A former Belfast assassin and his victim’s brother are to meet 30 years later for post-Troubles “truth and reconciliation.” Thanks to powerful performances by Liam Neeson and James Nesbitt, what is basically a film about two men trying talk around or out of their pain becomes a gripping study of guilt, grief, and rage.
What makes Five Minutes of Heaven stand out from other recent films about the Irish Troubles (including the solid thriller 50 Dead Men Walking, still available for rental in the redboxes) is its focus on the human cause and cost of the Protestant-Catholic conflict that raged in Northern Ireland in the ‘70s and ‘80s. Not just the shattering of loved ones’ lives and the lasting weight of grief and guilt, but also the reasons young men carried out assassination and terrorism against innocents.
Five Minutes of Heaven is from Oliver Hirschbiegel (director of the brilliant Downfall, the Hitler in His Bunker film that spawned so many YouTube spoofs) and is based in part on a true story. In 1975, Alistair Little, a 17-year-old Protestant youth in Belfast, murdered Jim Griffin, an innocent Catholic man of 19. Little carried out the hit for two reasons: to send a warning message to the IRA on behalf of the Protestant Ulster Volunteer Force, but mostly to prove himself a Big Man in the UVF and his community. The victim’s 11-year-old brother Joe witnessed the murder and then the decades of grief and blame that wracked his family.
Hirschbiegel’s film and Guy Hibbert’s screenplay take that tragic event and ask the fictional question, what if the two men met 30-some years later as part of a post-Troubles truth and reconciliation project? Hibbert, a playwright, had interviewed both Little and Griffin separately–spurred by the real Joe Griffin’s statement that he could never meet Little without killing him and using the interviews as a bedrock, the writer set out to imagine just such an encounter.
Liam Neeson plays the adult Alistair Little, and when we first see him, in the back of a car on the way to a (somewhat exploitive) TV taping of his first meeting with Griffin, he’s very much suave, cool Liam Neeson, wearing a sharp suit and his usual air of weary strength. The film’s version of Alistair seems to have made a later life of going around apologizing for his actions (on top of served prison time) and helping others deal with their guilt over the crimes they committed decades ago. He’s also testifying as to how easily young men’s heads can be filled with patriotic and religious fervor and fueled by the natural machismo and stupidity of reckless kids out to “be someone.” And how those acts can haunt a person the rest of his or her life.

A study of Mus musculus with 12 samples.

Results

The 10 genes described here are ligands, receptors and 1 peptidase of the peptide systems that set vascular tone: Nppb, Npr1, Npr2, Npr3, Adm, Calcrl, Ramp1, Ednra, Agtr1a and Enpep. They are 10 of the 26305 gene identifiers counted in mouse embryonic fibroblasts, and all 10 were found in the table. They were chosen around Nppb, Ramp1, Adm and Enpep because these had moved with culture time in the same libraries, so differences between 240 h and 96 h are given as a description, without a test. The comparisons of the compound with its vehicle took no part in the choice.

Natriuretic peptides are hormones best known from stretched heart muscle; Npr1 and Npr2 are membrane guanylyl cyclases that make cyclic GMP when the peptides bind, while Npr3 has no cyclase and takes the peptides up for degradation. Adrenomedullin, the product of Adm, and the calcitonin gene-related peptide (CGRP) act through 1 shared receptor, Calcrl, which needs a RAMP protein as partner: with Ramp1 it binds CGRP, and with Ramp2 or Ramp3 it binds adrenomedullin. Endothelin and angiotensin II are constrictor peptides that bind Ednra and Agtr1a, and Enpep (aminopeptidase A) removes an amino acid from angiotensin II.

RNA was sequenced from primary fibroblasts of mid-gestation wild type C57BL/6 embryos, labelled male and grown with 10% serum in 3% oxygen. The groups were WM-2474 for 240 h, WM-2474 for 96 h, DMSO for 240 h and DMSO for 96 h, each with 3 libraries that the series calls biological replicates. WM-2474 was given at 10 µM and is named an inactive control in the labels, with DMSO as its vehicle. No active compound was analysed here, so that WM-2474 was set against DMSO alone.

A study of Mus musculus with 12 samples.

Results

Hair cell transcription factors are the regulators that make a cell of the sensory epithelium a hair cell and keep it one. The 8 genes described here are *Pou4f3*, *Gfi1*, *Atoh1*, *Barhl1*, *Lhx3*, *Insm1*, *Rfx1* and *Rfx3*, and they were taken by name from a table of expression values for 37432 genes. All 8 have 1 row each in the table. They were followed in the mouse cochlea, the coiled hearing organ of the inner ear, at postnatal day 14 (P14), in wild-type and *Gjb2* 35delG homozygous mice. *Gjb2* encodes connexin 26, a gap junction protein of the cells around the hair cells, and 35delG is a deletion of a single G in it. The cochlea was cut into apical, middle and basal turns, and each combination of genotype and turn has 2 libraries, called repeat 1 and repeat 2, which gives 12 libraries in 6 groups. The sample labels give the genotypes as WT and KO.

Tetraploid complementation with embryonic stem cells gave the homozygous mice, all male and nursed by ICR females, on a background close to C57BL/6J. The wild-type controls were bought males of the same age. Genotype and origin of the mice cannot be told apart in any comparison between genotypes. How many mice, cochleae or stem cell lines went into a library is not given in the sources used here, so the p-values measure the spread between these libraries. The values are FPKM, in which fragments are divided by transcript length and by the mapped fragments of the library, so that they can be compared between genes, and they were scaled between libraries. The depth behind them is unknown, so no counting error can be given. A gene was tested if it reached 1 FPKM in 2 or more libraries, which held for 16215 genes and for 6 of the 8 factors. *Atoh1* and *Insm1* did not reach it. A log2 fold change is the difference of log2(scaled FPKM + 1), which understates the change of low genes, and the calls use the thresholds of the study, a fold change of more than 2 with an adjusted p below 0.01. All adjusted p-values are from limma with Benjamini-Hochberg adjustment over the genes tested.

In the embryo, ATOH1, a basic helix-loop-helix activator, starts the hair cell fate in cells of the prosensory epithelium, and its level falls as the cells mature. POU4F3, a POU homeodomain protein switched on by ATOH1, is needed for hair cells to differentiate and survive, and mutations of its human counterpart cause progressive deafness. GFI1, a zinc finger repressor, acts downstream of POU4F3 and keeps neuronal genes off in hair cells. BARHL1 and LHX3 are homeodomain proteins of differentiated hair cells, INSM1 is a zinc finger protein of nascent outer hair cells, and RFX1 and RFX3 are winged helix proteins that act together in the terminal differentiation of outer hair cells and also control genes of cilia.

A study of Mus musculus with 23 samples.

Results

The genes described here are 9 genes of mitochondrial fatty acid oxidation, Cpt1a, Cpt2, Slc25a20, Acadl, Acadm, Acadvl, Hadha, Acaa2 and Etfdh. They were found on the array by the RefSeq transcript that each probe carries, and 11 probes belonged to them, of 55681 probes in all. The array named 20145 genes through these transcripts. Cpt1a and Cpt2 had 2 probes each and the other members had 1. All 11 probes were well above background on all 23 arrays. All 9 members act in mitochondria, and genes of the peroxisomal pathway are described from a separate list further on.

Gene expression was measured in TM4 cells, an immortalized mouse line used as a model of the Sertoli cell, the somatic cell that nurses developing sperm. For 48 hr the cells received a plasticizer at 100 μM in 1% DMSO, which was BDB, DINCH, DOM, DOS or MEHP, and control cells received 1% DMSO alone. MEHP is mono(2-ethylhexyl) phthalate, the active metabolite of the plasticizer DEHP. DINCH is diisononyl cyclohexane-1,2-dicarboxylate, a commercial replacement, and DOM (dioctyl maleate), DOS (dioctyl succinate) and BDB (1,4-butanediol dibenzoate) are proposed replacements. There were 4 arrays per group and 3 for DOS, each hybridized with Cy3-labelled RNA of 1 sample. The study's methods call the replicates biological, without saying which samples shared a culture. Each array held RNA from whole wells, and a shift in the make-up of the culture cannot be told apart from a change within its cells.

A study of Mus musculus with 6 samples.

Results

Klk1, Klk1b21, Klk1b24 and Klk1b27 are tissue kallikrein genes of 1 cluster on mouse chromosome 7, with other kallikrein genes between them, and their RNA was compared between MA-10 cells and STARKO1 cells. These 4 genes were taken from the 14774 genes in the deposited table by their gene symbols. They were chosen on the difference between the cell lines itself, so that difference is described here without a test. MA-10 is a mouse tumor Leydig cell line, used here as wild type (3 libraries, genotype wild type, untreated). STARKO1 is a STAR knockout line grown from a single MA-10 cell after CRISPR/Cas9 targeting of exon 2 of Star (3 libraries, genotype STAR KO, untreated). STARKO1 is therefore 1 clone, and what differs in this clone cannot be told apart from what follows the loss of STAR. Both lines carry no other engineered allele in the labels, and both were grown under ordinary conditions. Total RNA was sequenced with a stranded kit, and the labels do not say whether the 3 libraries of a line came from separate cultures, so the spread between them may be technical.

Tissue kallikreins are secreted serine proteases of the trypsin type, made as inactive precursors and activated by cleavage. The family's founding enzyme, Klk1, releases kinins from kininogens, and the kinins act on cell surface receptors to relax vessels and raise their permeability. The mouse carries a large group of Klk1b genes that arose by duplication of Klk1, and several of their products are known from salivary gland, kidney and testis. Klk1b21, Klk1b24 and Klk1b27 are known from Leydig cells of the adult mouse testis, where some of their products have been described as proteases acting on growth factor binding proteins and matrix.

Alistair is experienced with these sorts of reconciliation meetings, but as he gets closer to facing Joe Griffin, we see his calm surface is brittle—he’s living a walking-dead existance of unending sadness, unsure how he can ever in good conscience let himself not be consumed by guilt. Neeson wears all this with a shattering naturalness—it seems the actor’s face comes “pre-haunted.” One of our finest actors, Neeson always betrays so much underneath his trademark stillness. Granted, he may not always be in great movies, but he’s almost always great in them.
By contrast, the film’s adult Joe Griffin is a twitching bundle of denial as played with riveting nervous desperation by James Nesbitt (who also starred in Paul Greengrass’s 2002 Troubles film Bloody Sunday). Blamed all his life by his mother for “letting” his older brother die, Joe stammers out awkward attempts at humor, trying to hold at bay the confused, murderous rage he holds for Little. (The film’s title refers to Joe’s dream of getting just five minutes alone with his brother’s killer.) Nesbitt’s layering of Griffin’s pain and anger under a surface buffoonery makes for a performance every bit as compelling as Neeson’s.
And aside from a gripping flashback to the night of the murder, that’s all Five Minutes of Heaven is: two immensely talented actors playing two men talking about whether or not this sort of reconciliation is even possible or helpful. (The 1975 scenes are perfectly, painfully nuanced; with Mark Davidson/David playing young Alistair as a gangling, spotty teenager trying to be a man but becoming a monster instead.)
Five Minutes of Heaven can come off preachy at points and at other times may move too slowly for some tastes—it certainly has the feeling of a filmed play. But sometimes that simple formula is all you need: a strong, fascinating topic and a couple great actors to tackle it.